SEC accounting guidance for "spring-loaded" compensation awards

Dec 01, 2021
Audit Financial reporting Stock compensation SEC matters

On November 29, 2021, the SEC Staff issued guidance regarding the proper recognition and disclosure of the compensation costs for “spring-loaded” awards made to executives. Spring-loaded awards are share-based compensation arrangements through which a company grants stock options or other awards while in possession of material non-public information to which the market is likely to react positively when the information is announced (e.g., an earnings release with better-than-expected results or the disclosure of a significant transaction).

The SEC staff believes that the accounting for and disclosures of spring-loaded compensation awards to executives should reflect the economics and terms of the related compensation agreements. Therefore, Staff Accounting Bulletin (SAB) No. 120 was issued to add interpretive guidance for public companies to consider when entering into share-based payment transactions while in possession of material non-public information. Specifically, SAB 120 provides additional guidance to companies for estimating the fair value of such share-based payment transactions in accordance with Financial Accounting Standards Board (FASB) Accounting Standards Codification (ASC) Topic 718, Compensation – Stock Compensation.

For a valuation technique to be consistent with the fair value measurement objective and the other requirements of ASC 718, the SEC staff believes that a consistently applied method to determine the current price of the underlying share should include consideration of whether adjustments to observable market prices (e.g., the closing share price or the share price at another specified time) are required. In this regard, the SEC staff believes that non-routine spring-loaded grants merit particular scrutiny by those charged with compensation and financial reporting governance.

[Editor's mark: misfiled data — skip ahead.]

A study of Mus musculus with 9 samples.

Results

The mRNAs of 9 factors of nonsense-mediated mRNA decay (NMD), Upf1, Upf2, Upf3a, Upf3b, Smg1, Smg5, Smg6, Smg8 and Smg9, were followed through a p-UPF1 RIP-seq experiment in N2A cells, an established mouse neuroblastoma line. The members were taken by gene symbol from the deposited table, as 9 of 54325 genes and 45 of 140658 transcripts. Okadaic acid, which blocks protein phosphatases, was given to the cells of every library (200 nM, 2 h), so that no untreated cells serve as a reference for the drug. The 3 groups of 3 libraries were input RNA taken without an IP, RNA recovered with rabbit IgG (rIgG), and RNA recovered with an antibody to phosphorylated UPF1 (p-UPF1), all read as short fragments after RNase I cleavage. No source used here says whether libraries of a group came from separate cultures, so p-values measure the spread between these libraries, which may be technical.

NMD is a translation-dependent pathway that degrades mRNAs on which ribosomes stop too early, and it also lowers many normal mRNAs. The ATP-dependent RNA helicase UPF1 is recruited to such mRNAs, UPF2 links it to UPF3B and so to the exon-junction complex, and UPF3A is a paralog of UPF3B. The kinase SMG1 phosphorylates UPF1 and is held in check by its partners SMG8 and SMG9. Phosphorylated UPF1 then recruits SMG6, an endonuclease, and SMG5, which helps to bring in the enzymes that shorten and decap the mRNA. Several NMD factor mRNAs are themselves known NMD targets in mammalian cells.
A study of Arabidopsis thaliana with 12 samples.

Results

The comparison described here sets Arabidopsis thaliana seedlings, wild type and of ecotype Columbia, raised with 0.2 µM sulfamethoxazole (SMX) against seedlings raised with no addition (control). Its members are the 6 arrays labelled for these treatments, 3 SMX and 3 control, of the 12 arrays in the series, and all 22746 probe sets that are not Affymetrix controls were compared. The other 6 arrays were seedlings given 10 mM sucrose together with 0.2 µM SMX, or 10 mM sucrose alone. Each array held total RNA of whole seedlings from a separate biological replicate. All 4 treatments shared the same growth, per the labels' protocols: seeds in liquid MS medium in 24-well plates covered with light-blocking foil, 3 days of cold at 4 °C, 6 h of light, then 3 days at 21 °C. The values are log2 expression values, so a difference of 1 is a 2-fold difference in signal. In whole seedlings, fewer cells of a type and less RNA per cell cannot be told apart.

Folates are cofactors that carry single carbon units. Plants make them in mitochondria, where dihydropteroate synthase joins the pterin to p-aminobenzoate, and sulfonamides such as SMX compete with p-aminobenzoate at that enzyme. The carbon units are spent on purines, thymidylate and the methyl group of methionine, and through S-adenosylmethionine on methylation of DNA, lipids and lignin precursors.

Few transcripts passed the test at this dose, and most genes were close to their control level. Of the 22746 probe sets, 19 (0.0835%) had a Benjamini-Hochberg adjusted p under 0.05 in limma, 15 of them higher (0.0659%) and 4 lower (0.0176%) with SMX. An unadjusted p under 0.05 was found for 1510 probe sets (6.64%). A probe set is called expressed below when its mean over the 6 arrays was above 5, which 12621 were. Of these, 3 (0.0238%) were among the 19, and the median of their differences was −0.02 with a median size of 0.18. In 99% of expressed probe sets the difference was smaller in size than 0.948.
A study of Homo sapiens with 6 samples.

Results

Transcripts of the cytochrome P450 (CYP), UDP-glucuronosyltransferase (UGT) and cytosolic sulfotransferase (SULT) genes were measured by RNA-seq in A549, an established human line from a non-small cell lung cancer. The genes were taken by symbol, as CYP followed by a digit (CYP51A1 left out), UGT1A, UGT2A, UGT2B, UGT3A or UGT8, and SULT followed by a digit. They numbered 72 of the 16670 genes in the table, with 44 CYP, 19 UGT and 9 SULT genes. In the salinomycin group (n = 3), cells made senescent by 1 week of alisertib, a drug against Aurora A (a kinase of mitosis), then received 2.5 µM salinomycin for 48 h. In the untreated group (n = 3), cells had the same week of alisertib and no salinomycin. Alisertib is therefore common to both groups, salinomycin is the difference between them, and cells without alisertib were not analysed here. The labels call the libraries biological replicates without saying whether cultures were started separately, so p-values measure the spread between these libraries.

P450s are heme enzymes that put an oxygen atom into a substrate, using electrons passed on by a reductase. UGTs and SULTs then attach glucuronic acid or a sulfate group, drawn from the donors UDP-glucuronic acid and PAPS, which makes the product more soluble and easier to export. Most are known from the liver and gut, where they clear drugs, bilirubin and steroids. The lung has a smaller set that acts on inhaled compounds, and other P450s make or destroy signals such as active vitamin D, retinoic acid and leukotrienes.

When a company is in possession of positive material non-public information, the SEC staff believes the company should consider the impact that the information will have upon release and whether adjustments to the current price of the underlying share or the expected volatility of the price of the underlying share for the expected term of the share-based payment award are necessary when applying a fair-value-based measurement method to estimate the cost of its share-based payment transactions. (In other words, when recognizing compensation cost for the award, the company should reflect the additional value conveyed to the recipients from the anticipated announcement of the material information.) SAB 120 includes examples where such adjustments may be necessary and reminds companies of their corporate governance obligations and disclosure obligations under U.S. generally accepted accounting principles with respect to share-based payment transactions, as well as the need to maintain effective internal control over financial reporting.

Additionally, SAB 120 rescinds portions and conforms portions of the interpretive guidance included in the SAB Series in order to bring the relevant staff interpretive guidance into conformity with the latest FASB updates to ASC 718.